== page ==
Round Peg in a Square Hole

A repository of reference material on a variety of subjects

Thursday, June 21, 2007

Getting in Touch with my Inner Zoe

O.K., I may not be the last person in fandom to get hooked on Firefly, but I am well and truly behind the curve, at the very least, considering it's been cancelled for over 4 years. But, through the magic of DVDs and long lunch hours, I've been wallowing in the Firefly 'verse for a while, and thoroughly enjoying it, though with the bittersweet understanding that it was dead before I got here.

Was just re-watching "War Stories" today, and marvelling at the fact that an episode which contains graphic torture scenes is hysterically funny in places. I am once again amazed at how the networks can cancel shows with such great stories, writing, dialog, but most of all, great characters. Those people are very real to me, in part because I know analogs of most of them.

I have to say, though, that Zoe is a balm to my feminist soul. In some ways, she is the direct descendant of Uhura, but she is what Uhura was never allowed to be. Zoe is strong, and loving and intelligent and funny and sexy and tough and unflinching and quick and competent and brave and loyal and so many more things, things that men have always been allowed to be (not that they always were, but such men were not deemed "unrealistic"). She is not perfect, she makes mistakes, but she is such a wonderful, admirable character, it's just a tragedy that she is not known to more people. We need such characters, such people and we need to know that they are possible, and not a fantasy.

I admit, even though we own the DVD of the theatrical release movie "Serenity", I haven't yet watched it. I ran through all the episodes in quick succession, and am now running through them slowly, savoring them. I am holding off on the movie because, once I see it, that will be the end, and I just don't want it to be over. I know there will be questions unanswered, and that always drives me nuts, but it's more than that. It's that I need to feel that Mal and the gang are still out there, still running, still a family, a team, a crew, still living free. The Zoe in me needs to know that.

Monday, June 04, 2007

No "Fan-Girl"ing Allowed

Many years ago, I was offered the chance to speak with Robert Heinlein on the phone. Now, you have to understand that I read everything I could get my hands on by Heinlein, and he was very influential in the formation of my concept of what a woman should be like, what she should do and be able to do. Yet, I declined the honor, knowing that I could say nothing he hadn't heard many times before, and fearing to sound like an idiot saying it.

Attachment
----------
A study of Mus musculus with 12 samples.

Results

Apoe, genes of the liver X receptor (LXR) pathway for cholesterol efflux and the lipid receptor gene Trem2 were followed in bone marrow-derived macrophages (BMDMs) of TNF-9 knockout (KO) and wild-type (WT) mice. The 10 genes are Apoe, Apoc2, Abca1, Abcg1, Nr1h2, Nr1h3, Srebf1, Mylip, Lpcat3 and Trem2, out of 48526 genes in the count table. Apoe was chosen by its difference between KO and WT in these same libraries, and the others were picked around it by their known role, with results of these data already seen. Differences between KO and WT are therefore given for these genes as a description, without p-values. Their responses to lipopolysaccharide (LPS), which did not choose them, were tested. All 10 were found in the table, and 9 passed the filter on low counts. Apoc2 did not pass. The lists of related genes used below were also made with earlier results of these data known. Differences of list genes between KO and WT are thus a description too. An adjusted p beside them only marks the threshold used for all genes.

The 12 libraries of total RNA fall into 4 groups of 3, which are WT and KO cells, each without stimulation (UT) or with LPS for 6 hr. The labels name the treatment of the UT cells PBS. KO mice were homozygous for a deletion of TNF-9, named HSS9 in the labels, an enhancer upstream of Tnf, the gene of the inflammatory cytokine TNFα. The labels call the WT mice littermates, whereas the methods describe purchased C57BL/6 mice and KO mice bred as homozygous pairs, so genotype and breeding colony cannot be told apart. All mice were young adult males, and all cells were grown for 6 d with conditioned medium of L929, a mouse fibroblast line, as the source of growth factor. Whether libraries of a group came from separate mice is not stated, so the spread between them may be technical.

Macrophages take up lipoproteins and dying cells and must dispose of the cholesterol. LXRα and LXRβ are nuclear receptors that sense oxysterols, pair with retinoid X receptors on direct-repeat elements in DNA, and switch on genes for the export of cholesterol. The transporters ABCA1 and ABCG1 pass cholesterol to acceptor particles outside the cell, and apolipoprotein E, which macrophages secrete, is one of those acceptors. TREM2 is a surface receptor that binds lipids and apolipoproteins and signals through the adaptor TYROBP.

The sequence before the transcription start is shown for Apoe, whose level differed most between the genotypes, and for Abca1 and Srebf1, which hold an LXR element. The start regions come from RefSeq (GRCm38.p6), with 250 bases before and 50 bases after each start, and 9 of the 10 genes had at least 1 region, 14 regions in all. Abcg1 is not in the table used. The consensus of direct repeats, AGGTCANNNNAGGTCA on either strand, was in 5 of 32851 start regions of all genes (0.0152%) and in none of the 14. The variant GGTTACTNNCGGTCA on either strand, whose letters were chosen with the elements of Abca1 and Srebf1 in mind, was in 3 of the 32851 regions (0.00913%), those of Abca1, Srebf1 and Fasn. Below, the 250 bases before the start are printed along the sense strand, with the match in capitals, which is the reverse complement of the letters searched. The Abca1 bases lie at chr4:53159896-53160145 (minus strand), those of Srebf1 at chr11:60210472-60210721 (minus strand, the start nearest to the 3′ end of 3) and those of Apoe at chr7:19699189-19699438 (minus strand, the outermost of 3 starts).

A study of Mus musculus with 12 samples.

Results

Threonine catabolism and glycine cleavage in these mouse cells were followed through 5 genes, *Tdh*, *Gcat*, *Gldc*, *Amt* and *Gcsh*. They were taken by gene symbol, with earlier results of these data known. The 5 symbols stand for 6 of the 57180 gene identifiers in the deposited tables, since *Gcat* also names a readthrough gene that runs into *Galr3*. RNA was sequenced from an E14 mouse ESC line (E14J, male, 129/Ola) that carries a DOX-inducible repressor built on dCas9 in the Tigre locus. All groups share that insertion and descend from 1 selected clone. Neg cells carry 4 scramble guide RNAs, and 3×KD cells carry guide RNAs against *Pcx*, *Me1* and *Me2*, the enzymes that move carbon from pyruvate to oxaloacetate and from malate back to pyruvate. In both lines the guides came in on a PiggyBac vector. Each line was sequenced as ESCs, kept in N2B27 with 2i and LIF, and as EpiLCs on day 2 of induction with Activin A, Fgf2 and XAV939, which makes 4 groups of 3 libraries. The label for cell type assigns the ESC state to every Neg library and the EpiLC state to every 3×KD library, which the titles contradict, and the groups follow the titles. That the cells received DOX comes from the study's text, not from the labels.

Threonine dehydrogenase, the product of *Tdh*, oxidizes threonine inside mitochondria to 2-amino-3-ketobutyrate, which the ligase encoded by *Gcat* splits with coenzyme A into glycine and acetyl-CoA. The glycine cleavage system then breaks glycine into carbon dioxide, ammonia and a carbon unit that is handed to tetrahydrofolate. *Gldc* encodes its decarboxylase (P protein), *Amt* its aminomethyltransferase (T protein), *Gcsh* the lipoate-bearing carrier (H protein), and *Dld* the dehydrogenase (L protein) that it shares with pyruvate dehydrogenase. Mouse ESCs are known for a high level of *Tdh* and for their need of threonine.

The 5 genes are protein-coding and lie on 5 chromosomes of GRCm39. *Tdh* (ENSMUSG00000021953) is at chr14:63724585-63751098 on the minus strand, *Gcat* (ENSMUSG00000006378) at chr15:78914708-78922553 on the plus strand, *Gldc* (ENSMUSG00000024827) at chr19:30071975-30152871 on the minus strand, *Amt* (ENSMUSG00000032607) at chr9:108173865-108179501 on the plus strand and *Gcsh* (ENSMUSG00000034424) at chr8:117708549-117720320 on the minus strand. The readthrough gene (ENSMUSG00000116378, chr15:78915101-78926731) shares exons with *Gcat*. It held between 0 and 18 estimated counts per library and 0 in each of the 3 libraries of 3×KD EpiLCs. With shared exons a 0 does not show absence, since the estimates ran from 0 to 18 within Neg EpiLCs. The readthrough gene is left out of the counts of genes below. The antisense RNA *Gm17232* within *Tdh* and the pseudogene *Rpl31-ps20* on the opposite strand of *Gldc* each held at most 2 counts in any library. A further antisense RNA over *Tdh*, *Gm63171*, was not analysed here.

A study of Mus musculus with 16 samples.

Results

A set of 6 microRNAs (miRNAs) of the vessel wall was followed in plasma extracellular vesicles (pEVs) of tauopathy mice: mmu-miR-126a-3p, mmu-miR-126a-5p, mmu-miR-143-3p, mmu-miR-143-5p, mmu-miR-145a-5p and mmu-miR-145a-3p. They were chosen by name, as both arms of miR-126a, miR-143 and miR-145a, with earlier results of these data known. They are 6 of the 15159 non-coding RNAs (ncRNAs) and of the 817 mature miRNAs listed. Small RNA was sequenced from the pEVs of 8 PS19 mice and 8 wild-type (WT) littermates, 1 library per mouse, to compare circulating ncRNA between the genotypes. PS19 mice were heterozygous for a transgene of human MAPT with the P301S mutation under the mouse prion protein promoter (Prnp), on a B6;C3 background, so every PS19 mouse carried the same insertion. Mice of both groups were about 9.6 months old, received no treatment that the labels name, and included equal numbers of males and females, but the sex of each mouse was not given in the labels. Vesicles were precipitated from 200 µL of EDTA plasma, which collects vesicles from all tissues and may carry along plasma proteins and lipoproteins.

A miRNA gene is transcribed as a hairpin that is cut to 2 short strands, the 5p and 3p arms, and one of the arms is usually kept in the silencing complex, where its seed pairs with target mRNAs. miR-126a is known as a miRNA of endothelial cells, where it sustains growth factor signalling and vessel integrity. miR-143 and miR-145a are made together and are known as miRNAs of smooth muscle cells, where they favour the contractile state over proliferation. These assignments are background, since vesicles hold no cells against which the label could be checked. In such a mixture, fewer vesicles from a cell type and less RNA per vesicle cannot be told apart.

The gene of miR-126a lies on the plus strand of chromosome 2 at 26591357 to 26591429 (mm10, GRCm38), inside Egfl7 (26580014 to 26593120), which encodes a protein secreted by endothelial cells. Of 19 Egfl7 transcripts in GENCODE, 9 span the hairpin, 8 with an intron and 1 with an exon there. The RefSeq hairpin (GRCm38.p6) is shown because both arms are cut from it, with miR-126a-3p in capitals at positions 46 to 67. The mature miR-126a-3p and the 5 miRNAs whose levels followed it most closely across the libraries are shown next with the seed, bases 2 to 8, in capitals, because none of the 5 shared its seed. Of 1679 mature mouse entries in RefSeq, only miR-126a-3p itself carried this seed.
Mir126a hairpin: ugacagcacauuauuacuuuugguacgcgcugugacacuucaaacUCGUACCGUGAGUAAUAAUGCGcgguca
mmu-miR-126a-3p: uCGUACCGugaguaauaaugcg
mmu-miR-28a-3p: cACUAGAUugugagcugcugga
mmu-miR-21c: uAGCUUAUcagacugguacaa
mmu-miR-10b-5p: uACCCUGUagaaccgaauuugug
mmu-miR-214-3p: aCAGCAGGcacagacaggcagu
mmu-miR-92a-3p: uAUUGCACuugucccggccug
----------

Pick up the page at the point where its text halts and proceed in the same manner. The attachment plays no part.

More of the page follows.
Quite a few years later, I met J. Michael Strazyncki, shortly after the end of Babylon 5, when we were both guests of honor at a con, and I gibbered uncontrollably. Ever since then, I have tried to stay away from people around whom I feared I would act like a moron, with the sole exception of Lois McMaster Bujold, as she was so easy to talk to (and, I admit, Kate met her first, and insisted I talk with her. Thanks, Kate!). And even though David Weber is one of my favorite authors, and we were co-GoHs at Convergence, I was very leery of going "Fan Girl" all over him, so did not talk with him very much over the course of the weekend.

Well, it happened again at BayCon this weekend. I was called out of the audience of a panel to meet to an actual astronaut, and was introduced as a rocket scientist. I said I was delighted to meet her, thanked her for the picture that was taken of the two of us, then scurried back to my panel. I had seen her earlier, and it was obvious she was not a fan (not a con-attending fan, I should say), and I was somewhat uncomfortable, standing there in one of my many bimbo costumes. I only found out later that she had geeked out when, at her panel, James Hogan (who was GoH) had asked her a question, so she obviously reads the stuff. We would definitely have had things to talk about, even though I have never worked in the manned program. I was just self-conscious enough to not be comfortable, and that is sad.

Why did I feel this way? Lotta reasons. One is that it came at me cold; I wasn't expecting it, and I'm not too fast on my feet in social situations. Another is that I wanted to be an astronaut, applied to the program even. (Later, I was told by a woman who came that close to making it that you need both a pilot's license and a Ph.D to make it into the program, neither of which I have.) Even my family of origin plays into: being the youngest of a large family, I expect to be the slow one, to know less than everyone else around, to rank less, and that becomes a self-fulfilling prophecy.

But I also think it's more basic than that. Most women, and I would guess quite a few men, often have a feeling that they're faking it, passing, masquerading, that if people knew what they were really like, they wouldn't trust them or hire them or give them responsibility. So many of us feel like impostors, actors, building and shoring up facades; so many have no confidence. Some pretend better than others; some actually do have the confidence they project. But, from everything I've read and seen and heard, they are few and far between.

What I can't decide is if that is a failing or a virtue on our parts. Keeping on when one is terrified takes great courage; trying things we aren't certain we can do stretches us, makes us stronger. But it would be wonderful if we could do these things with a sense of hope, and of companionship with those around us. The saddest part of all is that the fear keeps us from sharing, and so knowing that others feel the same.